Brick and Mortar Grocers, Amazon Believes in You Wholly

June 27, 2017

Man working at a grocery store

Guest post by Greg Feinberg, President and CEO of retail experience marketing firm Aisle 9 Group

Amazon’s acquisition of Whole Foods is not an indication that the brick and mortar grocery business is going away. Amazon’s acquisition of Whole Foods is an admission that the grocery business was never going to be overtaken by online retailers. While Amazon took a shot, the fact is, brick and mortar still accounts for over 90% of sales in the clear majority of sectors and virtually 100% of the operating profits. Last year, online shopping accounted for only 2% of the sector’s sales, according to Kantar Retail.

The problem with brick and mortar retail sales, in general, is that retailers forgot to embrace change and ignored the demands of their clients. Shoppers today want a retail experience. They want customization. They embrace innovation and specialization. Too many retailers ignored this and doubled down on their successful strategies from the 1980’s and 1990’s by acquiring similarly bland stores.

Source: KPBS

Macy’s bought out several of its equally “all things to all people” competitors and now has more poor-performing stores than ever. To make matters worse, these retailers began to invest their capital into e-commerce platforms (where they have no expertise) instead of into their stores, product innovation and improving the shopping experience (where they do have expertise.)

By purchasing Whole Foods, Amazon concedes that consumers will not purchase groceries online. Amazon will not eliminate the retail grocery business as they did to the bookstores. Amazon will focus their innovation and ingenuity to improve the shopping experience of consumers in grocery stores. What Amazon knows is how to sell to their customers. And they know that their customers will continue to go to the grocery store. They also know that grocery stores are not effectively selling to their customers. The grocery store, as we know it, will change. But it will not go away.

The other grocers still have the upper hand in improving the shopping experience and providing innovative and customized products in exciting ways. They have more stores and are closer (geographically) to their consumers. They know the grocery business far better than Amazon or Whole Foods. They have also been selling general merchandise and health and beauty care (HBC) items as well and can also provide a more diverse and interesting shopping experience with non-food & beverage products. However, if grocers continue to act in the same manner and do not embrace change, they WILL be the next bookstores.

Whole Foods has 450 stores, which represents a very small percentage of business—less than 2%.  It is time for grocery, drug and mass retailers to reassess how they do business in their stores and how they utilize their valuable brick and mortar space. Amazon spent over $3 million per store for this space. Amazon will not be using drones, and its Prime membership works no differently than every other loyalty card once in the store.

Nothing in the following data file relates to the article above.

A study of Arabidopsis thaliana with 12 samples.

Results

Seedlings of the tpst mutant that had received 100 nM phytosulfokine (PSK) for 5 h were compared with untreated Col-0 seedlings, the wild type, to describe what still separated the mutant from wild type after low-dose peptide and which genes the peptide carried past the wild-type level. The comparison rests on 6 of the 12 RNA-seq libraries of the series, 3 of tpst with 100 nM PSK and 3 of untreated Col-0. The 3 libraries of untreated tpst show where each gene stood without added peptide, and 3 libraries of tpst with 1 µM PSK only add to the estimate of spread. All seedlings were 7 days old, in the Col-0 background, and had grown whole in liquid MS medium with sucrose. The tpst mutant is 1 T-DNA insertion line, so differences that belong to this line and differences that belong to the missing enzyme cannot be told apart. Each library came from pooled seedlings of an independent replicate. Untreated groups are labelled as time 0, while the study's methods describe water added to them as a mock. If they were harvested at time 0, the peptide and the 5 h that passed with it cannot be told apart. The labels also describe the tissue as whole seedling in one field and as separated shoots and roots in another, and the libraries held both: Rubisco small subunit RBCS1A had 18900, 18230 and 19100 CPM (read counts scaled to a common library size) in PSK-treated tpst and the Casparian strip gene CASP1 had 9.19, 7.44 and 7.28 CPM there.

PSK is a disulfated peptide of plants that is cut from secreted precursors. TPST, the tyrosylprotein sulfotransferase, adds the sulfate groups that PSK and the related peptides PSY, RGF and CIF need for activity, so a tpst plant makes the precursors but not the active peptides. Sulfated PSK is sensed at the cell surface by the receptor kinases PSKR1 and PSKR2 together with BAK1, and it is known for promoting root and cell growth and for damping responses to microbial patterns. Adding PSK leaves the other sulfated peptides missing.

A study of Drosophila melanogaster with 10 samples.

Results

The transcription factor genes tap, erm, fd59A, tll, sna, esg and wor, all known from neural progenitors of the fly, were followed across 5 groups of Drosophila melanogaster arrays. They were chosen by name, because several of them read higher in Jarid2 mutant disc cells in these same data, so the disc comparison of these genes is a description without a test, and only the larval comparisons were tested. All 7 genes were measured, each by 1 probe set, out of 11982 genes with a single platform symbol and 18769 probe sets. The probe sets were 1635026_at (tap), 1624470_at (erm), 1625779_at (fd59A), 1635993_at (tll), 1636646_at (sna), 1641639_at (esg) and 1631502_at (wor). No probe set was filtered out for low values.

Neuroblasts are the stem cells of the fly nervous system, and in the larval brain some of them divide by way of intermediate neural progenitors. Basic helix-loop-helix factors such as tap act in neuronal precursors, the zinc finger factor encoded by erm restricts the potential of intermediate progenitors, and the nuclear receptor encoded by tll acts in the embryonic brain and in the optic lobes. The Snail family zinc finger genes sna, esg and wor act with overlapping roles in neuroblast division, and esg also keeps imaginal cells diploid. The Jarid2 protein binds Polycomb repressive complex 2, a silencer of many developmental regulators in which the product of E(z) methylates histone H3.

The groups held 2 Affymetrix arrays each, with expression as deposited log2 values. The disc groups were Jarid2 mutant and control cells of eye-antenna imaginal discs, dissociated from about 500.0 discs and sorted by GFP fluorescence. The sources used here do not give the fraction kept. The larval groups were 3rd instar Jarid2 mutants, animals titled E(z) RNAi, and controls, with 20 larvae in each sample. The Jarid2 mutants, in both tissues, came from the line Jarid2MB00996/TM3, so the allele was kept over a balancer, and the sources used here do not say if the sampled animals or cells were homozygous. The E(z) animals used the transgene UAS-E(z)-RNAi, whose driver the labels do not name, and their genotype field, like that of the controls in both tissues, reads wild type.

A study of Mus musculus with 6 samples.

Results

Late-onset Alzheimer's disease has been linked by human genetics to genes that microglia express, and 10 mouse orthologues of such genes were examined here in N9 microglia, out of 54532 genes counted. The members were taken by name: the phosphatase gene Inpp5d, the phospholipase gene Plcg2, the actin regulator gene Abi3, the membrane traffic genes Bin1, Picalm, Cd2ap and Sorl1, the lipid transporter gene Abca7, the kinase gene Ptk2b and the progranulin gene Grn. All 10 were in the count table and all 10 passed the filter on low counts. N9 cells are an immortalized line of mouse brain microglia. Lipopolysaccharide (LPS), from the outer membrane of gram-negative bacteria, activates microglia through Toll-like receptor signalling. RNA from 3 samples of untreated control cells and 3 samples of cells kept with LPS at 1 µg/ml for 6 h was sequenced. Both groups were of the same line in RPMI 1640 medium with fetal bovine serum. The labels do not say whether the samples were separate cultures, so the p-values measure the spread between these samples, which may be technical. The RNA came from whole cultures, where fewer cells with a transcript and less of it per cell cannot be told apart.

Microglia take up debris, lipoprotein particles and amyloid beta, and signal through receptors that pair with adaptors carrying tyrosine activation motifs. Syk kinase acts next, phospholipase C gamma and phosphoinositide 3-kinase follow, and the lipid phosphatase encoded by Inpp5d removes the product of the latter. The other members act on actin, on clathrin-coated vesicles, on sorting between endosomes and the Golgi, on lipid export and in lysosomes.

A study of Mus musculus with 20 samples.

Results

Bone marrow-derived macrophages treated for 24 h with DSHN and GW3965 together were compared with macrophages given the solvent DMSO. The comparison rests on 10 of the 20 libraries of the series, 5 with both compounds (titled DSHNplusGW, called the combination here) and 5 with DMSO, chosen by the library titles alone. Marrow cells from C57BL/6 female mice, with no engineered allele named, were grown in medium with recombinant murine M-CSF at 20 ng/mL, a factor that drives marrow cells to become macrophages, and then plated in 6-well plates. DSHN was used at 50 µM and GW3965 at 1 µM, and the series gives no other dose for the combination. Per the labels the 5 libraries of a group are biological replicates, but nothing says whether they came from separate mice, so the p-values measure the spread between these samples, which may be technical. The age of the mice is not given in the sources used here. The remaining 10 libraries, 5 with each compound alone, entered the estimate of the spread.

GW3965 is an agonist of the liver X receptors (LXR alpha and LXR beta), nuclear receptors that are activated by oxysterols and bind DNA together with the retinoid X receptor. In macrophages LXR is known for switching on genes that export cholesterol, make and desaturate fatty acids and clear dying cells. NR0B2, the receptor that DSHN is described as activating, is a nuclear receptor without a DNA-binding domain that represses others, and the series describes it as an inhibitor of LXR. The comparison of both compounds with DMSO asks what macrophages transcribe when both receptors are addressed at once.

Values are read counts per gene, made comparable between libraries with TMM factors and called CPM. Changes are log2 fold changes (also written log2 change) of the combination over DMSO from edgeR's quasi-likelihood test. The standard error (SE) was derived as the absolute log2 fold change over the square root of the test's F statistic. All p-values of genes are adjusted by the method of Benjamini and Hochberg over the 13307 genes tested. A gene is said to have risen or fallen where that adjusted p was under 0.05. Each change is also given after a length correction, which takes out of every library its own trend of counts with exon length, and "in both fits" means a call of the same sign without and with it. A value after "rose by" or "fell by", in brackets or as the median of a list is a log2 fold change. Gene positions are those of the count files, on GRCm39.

The playing field is level for now. It is time for grocers to aggressively restructure their stores, shopping experiences, inventory, promotions, etc. Amazon will not have their hands tied by:

   national brands demanding blind loyalty

   restrictive and slow category resets

   centralized buying; or

   fear of new and experimental products and services.

Grocers and mass retailers that derive significant revenues from groceries must change the way they do business. Shoppers are not moving online as much as they are gravitating to retailers that provide unique products and exceptional shopping experiences. Grocers, therefore, need to rely less on major brands and devote more shelf space to healthier, organic and innovative products. They need to become more international in their offerings, catering to the cultural spectrum of customers that shop in their stores. Buyers must be challenged by executives to look for the most unique products instead of the ones that are simply willing to pay slotting fees. Retailers must look to also lower prices by eliminating third party distributors or at least negotiating margins that do not add another 20 – 25% or more to the delivered prices. Reliance on basic private label brands simply dilutes the shopping experience.

Experientially, stores should re-invigorate their bakeries, customize their butcher shops and staff them with knowledgeable staff members. Coffee kiosks should not be outsourced to the same company that is on every other city block. Tortilla machines and fresh sushi stations can add a dynamic flare. Successful stores of the future will look more like international marketplaces with separate kiosks and sections.

Grocers and food brands, it is your move! You have the home-field advantage. If you are ready to partner with packaging experts and engineers that know how to make your product part of the shopping experience, then call Ernest Packaging Solutions today. We see every industry shift as an opportunity to innovate!